SCOTTSDALE, Ariz. -- With the D-backs seemingly set to carry 12 pitchers to open the season, there will be seven relievers who make the Opening Day roster.You can pretty much pencil in Archie Bradley, Greg Holland, Yoshihisa Hirano, Andrew Chafin and T.J. McFarland.:: Spring Training coverage presented by Camping World
SCOTTSDALE, Ariz. -- With the D-backs seemingly set to carry 12 pitchers to open the season, there will be seven relievers who make the Opening Day roster.
You can pretty much pencil in Archie Bradley, Greg Holland, Yoshihisa Hirano, Andrew Chafin and T.J. McFarland.
:: Spring Training coverage presented by Camping World ::
As for those final two spots, good luck trying to figure that out just yet. In fact, manager Torey Lovullo has even declined to narrow it down to who could be in contention for those spots.
"I'm telling everyone [in camp] that they're candidates," Lovullo said.
Slowing 'em down
The D-backs had a meeting Saturday to reinforce the importance of limiting the running game and some of the strategies they will employ.
"It's a very important piece of this game," Lovullo said. "I thought it was a much-needed and well-timed meeting so these pitchers understand what our priorities are here."
For Arizona, it's not just about throwing runners out, but about keeping them from even trying in the first place.
Last season, teams attempted 93 stolen bases against the D-backs. In the National League, only the Cardinals had fewer stolen bases attempted against them with just 60.
"We limited attempts on stolen bases," Lovullo said. "And I felt like guys were executing pitches. We have a program, we have a system that [quality-control coach] Robby Hammock works very hard on."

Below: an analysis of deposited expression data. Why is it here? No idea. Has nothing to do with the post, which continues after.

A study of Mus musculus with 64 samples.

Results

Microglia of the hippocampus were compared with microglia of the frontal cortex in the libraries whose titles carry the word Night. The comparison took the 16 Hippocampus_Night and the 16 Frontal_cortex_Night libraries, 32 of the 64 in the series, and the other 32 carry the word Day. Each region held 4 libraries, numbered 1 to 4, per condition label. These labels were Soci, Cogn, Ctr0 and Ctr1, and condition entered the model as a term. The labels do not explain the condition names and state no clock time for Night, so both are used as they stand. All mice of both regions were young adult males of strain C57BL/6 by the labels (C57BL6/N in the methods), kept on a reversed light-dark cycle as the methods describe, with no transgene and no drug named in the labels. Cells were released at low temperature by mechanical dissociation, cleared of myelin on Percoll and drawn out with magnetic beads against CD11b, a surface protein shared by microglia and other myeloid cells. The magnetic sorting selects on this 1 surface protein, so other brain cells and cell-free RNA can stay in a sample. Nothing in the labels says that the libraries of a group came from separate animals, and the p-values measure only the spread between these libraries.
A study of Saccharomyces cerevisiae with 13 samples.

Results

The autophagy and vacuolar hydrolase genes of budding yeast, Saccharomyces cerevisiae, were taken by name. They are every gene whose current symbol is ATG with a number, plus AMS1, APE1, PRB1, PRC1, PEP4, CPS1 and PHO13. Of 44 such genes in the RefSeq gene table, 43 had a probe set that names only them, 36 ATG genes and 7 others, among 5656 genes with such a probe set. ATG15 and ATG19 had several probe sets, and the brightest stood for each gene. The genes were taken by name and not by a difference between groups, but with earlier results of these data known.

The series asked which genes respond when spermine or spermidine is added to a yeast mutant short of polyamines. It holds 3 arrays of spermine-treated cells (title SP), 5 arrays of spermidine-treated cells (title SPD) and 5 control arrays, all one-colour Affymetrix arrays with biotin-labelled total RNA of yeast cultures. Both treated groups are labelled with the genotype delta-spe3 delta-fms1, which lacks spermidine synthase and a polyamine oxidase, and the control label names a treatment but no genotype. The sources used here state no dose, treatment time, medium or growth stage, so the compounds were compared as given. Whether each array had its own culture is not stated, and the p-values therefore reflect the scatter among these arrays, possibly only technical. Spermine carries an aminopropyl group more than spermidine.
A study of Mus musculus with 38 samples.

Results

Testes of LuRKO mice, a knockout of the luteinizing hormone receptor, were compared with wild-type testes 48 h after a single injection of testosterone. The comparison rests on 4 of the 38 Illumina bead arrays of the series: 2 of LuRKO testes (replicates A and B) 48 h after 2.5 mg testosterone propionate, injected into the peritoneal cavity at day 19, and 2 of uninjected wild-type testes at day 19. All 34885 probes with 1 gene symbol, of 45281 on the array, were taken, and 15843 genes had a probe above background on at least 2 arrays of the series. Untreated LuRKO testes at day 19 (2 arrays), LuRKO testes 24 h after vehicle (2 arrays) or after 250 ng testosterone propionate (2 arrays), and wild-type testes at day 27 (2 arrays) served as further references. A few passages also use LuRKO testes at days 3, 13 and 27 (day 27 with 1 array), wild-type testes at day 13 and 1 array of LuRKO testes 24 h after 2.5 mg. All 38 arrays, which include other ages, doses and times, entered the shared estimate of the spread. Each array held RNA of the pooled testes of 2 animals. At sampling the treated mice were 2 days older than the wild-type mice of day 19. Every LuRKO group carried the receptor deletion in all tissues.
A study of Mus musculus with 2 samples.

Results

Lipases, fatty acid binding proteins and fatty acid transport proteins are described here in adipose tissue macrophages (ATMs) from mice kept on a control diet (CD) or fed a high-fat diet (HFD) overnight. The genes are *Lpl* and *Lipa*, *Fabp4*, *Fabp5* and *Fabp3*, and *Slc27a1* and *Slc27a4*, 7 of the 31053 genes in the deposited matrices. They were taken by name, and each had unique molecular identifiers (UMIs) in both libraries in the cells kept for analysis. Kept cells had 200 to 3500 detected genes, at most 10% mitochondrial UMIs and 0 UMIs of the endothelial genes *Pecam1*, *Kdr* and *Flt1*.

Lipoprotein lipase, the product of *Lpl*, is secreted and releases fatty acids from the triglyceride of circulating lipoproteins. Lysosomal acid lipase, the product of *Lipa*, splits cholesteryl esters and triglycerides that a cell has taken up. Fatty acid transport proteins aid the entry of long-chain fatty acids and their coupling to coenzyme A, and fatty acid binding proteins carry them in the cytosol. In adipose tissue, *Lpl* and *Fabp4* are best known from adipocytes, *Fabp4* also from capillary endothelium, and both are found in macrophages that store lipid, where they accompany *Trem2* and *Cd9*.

Senior leader in town
Entering his third season at the helm, Lovullo is the most-tenured manager/head coach of all four major sports teams in Arizona.
So when the NFL's Arizona Cardinals hired Kliff Kingsbury as their head coach last month, Lovullo sent him a congratulatory text.
"I feel like I might have the most tenure here with some of the head coaches, so I felt it was my responsibility to welcome him to the Valley," Lovullo said.
The two met in person for the first time Friday night at a charity event.
"I finally got the chance to meet him last night," Lovullo said Saturday. "We talked shop as head coaches do and just compared notes."
As a former UCLA baseball player, Lovullo jokingly said his favorite thing about Kingsbury is the way he left the University of Southern California to take the head job with the Cardinals.
Steve Gilbert has covered the D-backs for MLB.com since 2001. Follow him on Twitter @SteveGilbertMLB.